The government is holding talks to pave the way for Switzerland's entry to the United Nations in the autumn, three months after the electorate voted to join the institution.
The government has been holding private talks in canton Thurgau to discuss areas of priority in the run-up to September 10, when Switzerland will submit its application to gain entry into the organisation. It will then be up to the Security Council to grant final approval to Swiss membership.
Preparations by the Swiss Foreign Ministry have gathered pace since the results of the March votes were officially validated on May 14, with further talks due to be held next week.
Switzerland is not the only nation applying for UN membership this year and it may be beaten to the post by East Timor, the world's youngest country. Analysts say the state, which became independent only last week, is likely to become the UN's 190th member, ahead of Switzerland.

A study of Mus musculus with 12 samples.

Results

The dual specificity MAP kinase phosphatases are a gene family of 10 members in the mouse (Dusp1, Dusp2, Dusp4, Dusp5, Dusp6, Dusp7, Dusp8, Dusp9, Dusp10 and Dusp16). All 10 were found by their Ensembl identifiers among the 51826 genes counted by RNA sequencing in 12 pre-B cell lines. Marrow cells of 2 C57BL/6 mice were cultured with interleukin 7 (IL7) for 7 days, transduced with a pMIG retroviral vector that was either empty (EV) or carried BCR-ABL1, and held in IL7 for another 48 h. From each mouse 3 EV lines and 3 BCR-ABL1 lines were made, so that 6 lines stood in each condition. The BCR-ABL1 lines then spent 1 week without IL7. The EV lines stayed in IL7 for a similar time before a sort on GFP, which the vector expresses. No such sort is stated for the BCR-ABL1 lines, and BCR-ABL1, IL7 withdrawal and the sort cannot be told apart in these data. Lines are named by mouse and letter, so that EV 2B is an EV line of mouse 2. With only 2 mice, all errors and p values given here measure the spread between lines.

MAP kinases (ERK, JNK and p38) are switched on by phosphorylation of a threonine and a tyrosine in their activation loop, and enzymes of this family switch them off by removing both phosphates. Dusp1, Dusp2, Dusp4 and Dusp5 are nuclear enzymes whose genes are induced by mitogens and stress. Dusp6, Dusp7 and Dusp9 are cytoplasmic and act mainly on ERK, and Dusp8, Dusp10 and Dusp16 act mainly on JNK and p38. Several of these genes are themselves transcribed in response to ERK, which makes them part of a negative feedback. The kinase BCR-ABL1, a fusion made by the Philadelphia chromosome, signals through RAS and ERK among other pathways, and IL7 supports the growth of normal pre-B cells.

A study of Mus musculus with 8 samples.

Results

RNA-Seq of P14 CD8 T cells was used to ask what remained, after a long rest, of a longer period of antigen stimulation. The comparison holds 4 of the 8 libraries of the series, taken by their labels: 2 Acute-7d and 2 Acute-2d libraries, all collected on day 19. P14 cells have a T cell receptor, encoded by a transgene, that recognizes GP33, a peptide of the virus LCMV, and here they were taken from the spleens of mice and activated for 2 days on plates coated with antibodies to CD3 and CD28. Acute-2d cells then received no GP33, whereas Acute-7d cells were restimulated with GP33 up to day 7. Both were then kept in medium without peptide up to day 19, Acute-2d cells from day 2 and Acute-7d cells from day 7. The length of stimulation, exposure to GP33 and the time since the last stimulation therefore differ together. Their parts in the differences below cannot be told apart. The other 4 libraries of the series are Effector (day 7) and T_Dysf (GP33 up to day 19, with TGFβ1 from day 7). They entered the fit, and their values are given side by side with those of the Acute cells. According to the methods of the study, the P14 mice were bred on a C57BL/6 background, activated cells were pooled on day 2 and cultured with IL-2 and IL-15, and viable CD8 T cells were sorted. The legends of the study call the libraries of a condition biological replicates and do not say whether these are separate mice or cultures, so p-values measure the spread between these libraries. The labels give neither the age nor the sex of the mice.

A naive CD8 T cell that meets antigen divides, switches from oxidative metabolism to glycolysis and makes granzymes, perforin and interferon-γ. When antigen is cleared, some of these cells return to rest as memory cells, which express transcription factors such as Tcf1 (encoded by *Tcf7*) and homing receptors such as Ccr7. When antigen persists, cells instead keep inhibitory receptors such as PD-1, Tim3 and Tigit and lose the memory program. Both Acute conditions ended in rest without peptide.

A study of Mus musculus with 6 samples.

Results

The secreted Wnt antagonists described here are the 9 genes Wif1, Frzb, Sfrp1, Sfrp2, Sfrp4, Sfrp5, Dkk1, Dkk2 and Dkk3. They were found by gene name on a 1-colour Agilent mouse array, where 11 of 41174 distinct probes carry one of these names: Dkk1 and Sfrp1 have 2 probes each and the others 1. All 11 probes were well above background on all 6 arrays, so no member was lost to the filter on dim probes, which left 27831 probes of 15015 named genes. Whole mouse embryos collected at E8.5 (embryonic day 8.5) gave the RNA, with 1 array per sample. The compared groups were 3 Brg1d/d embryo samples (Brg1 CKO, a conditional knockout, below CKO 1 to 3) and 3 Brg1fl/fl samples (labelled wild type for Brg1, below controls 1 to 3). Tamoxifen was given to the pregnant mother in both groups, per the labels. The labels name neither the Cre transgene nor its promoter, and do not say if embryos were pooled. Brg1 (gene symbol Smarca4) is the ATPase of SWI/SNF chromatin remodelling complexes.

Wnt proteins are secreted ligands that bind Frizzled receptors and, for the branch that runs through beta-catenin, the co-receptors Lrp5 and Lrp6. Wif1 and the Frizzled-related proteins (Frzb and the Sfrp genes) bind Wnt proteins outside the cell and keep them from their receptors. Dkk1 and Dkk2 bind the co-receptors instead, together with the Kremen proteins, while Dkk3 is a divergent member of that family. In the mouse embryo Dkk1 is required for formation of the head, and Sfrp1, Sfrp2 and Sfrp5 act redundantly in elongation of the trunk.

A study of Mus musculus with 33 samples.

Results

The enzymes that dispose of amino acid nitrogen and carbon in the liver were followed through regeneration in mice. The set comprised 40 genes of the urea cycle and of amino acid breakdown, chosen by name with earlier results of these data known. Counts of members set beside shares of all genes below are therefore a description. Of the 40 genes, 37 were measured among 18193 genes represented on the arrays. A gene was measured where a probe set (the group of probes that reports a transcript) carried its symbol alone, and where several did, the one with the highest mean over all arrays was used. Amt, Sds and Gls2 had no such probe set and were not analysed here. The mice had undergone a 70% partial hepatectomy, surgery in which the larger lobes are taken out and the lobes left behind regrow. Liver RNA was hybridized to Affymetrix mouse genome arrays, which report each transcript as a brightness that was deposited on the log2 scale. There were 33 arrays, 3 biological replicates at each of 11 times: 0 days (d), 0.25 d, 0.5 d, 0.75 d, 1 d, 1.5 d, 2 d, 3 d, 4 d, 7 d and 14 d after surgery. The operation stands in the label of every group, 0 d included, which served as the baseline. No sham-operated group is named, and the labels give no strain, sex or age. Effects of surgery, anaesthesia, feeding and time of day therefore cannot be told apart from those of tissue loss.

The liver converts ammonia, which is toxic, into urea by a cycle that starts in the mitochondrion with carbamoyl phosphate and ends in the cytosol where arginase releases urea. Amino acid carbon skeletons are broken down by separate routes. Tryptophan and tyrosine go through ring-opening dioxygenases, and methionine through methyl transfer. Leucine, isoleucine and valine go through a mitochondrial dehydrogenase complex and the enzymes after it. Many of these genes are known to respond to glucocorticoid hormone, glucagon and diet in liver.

"The people of Timor are in a hurry and they want endorsement from the international community that they are now truly independent," says Erwin Hofer, an official at the Swiss Foreign Ministry.
Hofer added that East Timor's membership would be a welcome sign of the UN's willingness to expand further.
Eight diplomatic posts have been created to deal with Switzerland's entry to the UN, including three apiece in Bern and New York.
The posts in New York are said to be key to Switzerland gaining more visibility within the organisation and to having a greater say in decision-making within the UN's humanitarian and social affairs committees.
"Switzerland is recognised for its humanitarian and development aid work and for its peacekeeping role," Hofer said. "And the international community expects us to step-up our contribution in these areas."